JazzFest Berlin 2003
Would it be blasphemous to suggest that a highlight of this year’s Berlin Jazz Festival was a kitsch-swaddled and almost improvisation-free Japanese chanteuse singing peculiar French cabaret tunes?
So be it.
Miharu Koshi hit the stage at the Haus der Berliner Festspiele on opening night, scantly clad and donning a black cowgirl hat. She sang in precise, pearly tones, sometimes playing accordion and, briefly, piano, while ballerinas twirled exactingly about her, and a pianist and bassoonist interacted with prerecorded musical washes. Art and racy camp met—and got along famously. Some of us were wowed. Others made haste to the ausgang.
If jazz is still the forum for surprise, and many of us still cling to that notion, Koshi’s ironic music hall act was just the ticket. She fit into the Berlin Jazz Festival’s admirably eclectic artistic agenda, especially following the opening night’s first act: the bizarre and loveable French entity known as Arfi, whose tight and theatrical presentation featured an actual magician, stage maneuvers, Dadaist humor and, not incidentally, doses of strong jazz playing (they later focused on that aspect in a late set at the comfortable basement jazz club, Quasimodo).
Though controversial amongst those seeking straighter goods, Berlin’s festival is an important off-season, and offbeat, entry on the European scene. This year’s model, programmed by newcomer Peter Schulze along with stalwart Ihno Von Hasselt, offered fresh ideas and a few twists—such as Koshi. They also provided requisite, sturdy jazz pillars, including David “Fathead” Newman, whose band featured the fine impressive vibist Bryan Carrott and special guest Lonnie Liston Smith, churning out steamy B-3 work. Smith also played his own set with Hank Crawford at the comfortable basement jazz club the Quasimodo. Mainstream jazz also got an odd spin through the quirky, postmodern swing loving energies of New York’s Ballin’ the Jack, another festival hit.
The festival also lent an ear to several Japanese visitors, including Jun Miyaka and his postelectric-Miles trip, Masabumi Kikuchi’s sing-along abstract impressionism and the almost jazz-headbanger intensity of pianist Satoko Fujii and drummer/vocal noisemaker Tatsuya Yoshida. Fujii and Yoshida effectively turned Quasimodo into a wind tunnel of musical energy. If perhaps first alienating casual listeners, they managed to win the packed crowd over to the power of uncompromising ferocity, mostly improvisational but also with scarily tight punches.
More importantly, the 2003 festival lent a flattering spotlight on three important artists on the ECM label. While the label that Manfred Eicher built is German, the artists hailed from elsewhere. What they had in common was a delicate balance of earthy intensity and ethereal poetics, whether Norway’s evocative Jon Balke and Magnetic North Orchestra, the Frenchman Louis Sclavis’ captivatingly feisty Napoli’s Walls Quartet or, closing the main festival, Poland’s eloquent Tomasz Stanko, whose distinctive trumpet sound is sacred and profane, weary and hopeful all at once.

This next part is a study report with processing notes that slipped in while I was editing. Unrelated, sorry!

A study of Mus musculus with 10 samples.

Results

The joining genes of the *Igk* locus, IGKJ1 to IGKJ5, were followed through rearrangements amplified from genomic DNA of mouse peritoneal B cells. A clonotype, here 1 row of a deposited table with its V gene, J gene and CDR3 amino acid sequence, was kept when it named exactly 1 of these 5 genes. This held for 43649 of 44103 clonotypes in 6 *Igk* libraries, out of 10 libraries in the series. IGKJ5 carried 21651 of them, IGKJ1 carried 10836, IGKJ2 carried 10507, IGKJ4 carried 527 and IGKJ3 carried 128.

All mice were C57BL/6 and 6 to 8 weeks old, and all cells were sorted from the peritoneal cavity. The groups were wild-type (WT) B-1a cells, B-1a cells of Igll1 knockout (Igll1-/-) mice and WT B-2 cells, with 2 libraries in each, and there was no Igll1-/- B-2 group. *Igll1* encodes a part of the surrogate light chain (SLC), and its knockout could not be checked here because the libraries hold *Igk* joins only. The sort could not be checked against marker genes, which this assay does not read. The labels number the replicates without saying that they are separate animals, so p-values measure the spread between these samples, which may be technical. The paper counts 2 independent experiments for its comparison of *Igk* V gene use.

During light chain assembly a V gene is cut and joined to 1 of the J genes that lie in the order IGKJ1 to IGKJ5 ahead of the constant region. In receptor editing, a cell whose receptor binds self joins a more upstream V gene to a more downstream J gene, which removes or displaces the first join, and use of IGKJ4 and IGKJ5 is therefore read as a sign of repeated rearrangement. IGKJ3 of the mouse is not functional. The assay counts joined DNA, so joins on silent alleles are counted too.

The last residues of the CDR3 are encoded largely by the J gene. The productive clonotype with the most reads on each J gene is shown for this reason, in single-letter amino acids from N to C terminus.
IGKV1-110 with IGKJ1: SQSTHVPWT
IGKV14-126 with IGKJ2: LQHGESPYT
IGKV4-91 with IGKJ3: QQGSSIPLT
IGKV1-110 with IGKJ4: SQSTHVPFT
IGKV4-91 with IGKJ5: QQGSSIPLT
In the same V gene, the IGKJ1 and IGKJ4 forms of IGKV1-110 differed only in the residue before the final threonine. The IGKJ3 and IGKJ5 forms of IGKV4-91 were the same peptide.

This was also a good year for the art of the squeezeboxing. The accordion is a grand instrument deserving wider attention and more adventurers like we heard here. Frankfurt-based Rudiger Carl joined longtime collaborator Hans Reichel on his mutant bowed instrument known as the “daxophone,” in a deliriously good free-ranging set, including a snippet of “Ring of Fire.” American accordionist extraordinaire Guy Klucevsek’s duet with Philip Johnston was more structured but notably ambitious.
Concurrent with the festival, as a kind of fringe festival setting, is the Total Music Meeting, presented by FMP (Free Music Productions) for many years at the art center known as Podewil, in the former East Berlin. They’re fighting the good fight there, trying to keep the strong free-music cause alive, through the FMP label and live shows. Cecil Taylor showed up with percussionist Tony Oxley, an encore after last year’s tribute to the late bassist Peter Kowald. Closing night at Total Music Meeting was the ambitious King Ubu Orchestra, featuring a stage full of improvisers and vocalists (including the ever-rubbery Phil Minton) riffing off Alfred Jarry’s famous, protoabsurdist play Ubu Roi (part of the Pere Ubu trilogy).
After the surprisingly subtle Ubu ethos, one could hop on the U2 and go to the Trananpalast, a former emotional zone on the brink of East and West Berlin. There, the headliners were DJ Spooky and Matthew Shipp, who did their idealistic free-play-meets-hip-hopping-turntable hybrid—joined by bassist William Parker and drummer Guillermo E. Brown—into the wee-est of hours. While the music didn’t always congeal happily, you have to admire their gumption and the sonic-action-painting process.
It’s fitting that the jazz festival usually takes place around the anniversary of the Berlin Wall’s fall in 1989. Walls of stylistic bias keep falling within the festival’s aesthetic ideals, which makes for polarized opinions and keep ’em guessing creative fervor. That’s jazz for you, however and wherever you slice it.